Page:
Monday, March 9, 2009

Lecture 8: Feminist Theory, Critical Thinking and Born Digital Fiction, Andy P

of the stories available, fairytales appeared to be the most clear-cut in terms of its portrayal of women and men and the differences between them and the story... but that's the reason I liked this story. Because it's marvellously misleading in a number of ways. Just to start with, this story is not a single story but in fact 320 stories (that's a choice of four, times a choice of four, times a choice of five, times a choice of four, times a choice of four(discounting the names)). Of course being the person I am, I had to read every possible outcome for each choice to see how it affected the story.

The story begins with selecting the name of daughter and the King (Julia and Harry in my case), and goes on to depict the wicked King (and consequently ugly Prince), the greedy mother, the poor father, and the heroin to be made a victim (by the King), showing with great equality in my opinion, two wicked people of opposite sexes. and two downtrodden people of opposite sexes. Now however we'd use the King/Prince as a catalyst for great adventure: the avoidance of marriage (which in itself is a strong assertion of her rights as a woman).
In true brothers grimm style, this fairytale could be told to a child quite innocently yet have a very dark undertones throughout (unless you read the original stories). I do not deem the fact that our heroine is first used as a commodity to be a feminist issue, as contextually it makes sense if you make a few assumptions about where a fairytale might take place. Fairy tales (to my knowledge) are often placed in the mediaeval setting but do not take place in the dark ages (or at least it would be hard to pin a time scale down, as the 'fairytales' were passed down through word of mouth and folklore). Fairy tales exist in the time where it is feasible to have Knights, Kings, Princes and princesses (though granted often the damsel in distress) fighting as though in the days of yore. In this kind of time it is no secret that women would be seen as second class citizens (to perpetuate the idea is the different issue entirely). This being said the daughter protest at the Kings ' offer' of marriage, and thus begins series of choices.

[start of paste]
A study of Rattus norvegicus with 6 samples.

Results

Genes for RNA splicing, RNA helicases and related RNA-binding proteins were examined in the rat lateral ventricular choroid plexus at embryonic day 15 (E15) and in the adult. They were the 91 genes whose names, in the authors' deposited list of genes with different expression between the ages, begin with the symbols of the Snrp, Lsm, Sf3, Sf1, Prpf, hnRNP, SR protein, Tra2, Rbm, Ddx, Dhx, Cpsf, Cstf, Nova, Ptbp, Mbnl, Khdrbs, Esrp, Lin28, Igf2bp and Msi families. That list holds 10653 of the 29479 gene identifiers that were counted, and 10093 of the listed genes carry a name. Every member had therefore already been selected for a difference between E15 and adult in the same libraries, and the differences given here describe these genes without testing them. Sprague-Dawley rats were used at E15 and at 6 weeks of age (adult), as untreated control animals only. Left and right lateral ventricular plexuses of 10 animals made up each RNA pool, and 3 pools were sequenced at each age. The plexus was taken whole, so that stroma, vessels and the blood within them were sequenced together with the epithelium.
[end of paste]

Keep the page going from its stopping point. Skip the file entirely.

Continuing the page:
The first set of choices involves a variety of animals followed by a description of set animals condition. In the next phase of the story, the animal evolves into a much grander version of itself or equivalent (eg. hen => Peacock) while the description of the animal changes to a poetic opposite (eg dirty => golden). This set of choices seems to have very little bearing on the narrations of the story itself.

The next set of choices involved a wise old poet, a drunken knave, the ugly Prince, an artful merchant and a mysterious goblin. This is where the story begins to be interesting. Each choice directly begins to affect the personality of our heroine. The old wise poet turns her personality into a kindly passerby ...he offers her wisdom. The drunken knave turns her personality to that of a strong woman willing to kill if needs be. The ugly Prince offers what he calls 'happiness' and turns her personality towards being meek and fleeing. The merchant offers her riches but at the price of being married and turns her personality to that of a woman who will not be pushed around. Lastly the goblin offers a cunning riddle and turns her personality towards being fiercely intelligent.

The riddle just for the sake of it:

"My first is in sugar and also in sweet,
My second's a legume, tasty to eat,
My third is myself, my fourth's an old chick,
My fifth's in an apple and also a brick,
My sixth just repeats what my fourth said above,
My seventh's a thousand, you will be my love,
My eighth's simply fifty, my ninth is a breeze,
If you follow my meaning you'll find it with ease.
My whole is a strange name, of that there's no doubt,
But though berries may lie, the truth it will out.
You may call me a thing but I swear I'm a man,
Now come and find me. That is, if you can."

Just in case anyone didn't get it and was wondering, I think the answer is spinankle or spinankln (but then he did say it was weird).

The next set of choices on offer strength, wisdom, ruthlessness and heartlessness (and can be seen to parallel in some ways what each of the men in the previous choices offered our heroine (with the exception of the last, which I believe was put in for a bit of fun). True to each choice, each auction turns her personality to an extreme of that traight. And just as before, each of these traits might well have been uncommon to the usual damsels in distress of some of the older stories.

But one has to ask, upon finally completing a quest to see the star maker, what is her reward for possessing these traits? For very depressing choices of ending.
One in which she committed murder and lived evermore with that knowledge, one in which she committed murder and was captured by the King and punished, one in which she'd grown too accustomed to a rich lifestyle and so lived out her days in misery and the final ending in which she simply lays down and submits to crushing depression and presumably death from pneumonia.

So all in all our heroine shows a number of possible personality traits (with no help from any man at all), as opposed to marrying an ugly person but being rich for the rest of her life (keep in mind that she had the option of being rich in one of the storys but had to be married to a man), and for these personality traits can never be happy given the possible endings.

Interestingly there doesn't seem to be one positive male in the entire story. This includes her father of which there is no mention of protestation to handing over his daughter. Even the wise old poet seems to only share in a relationship of mutual pity. One has to wonder, in this particular story is it even worth being a male or female?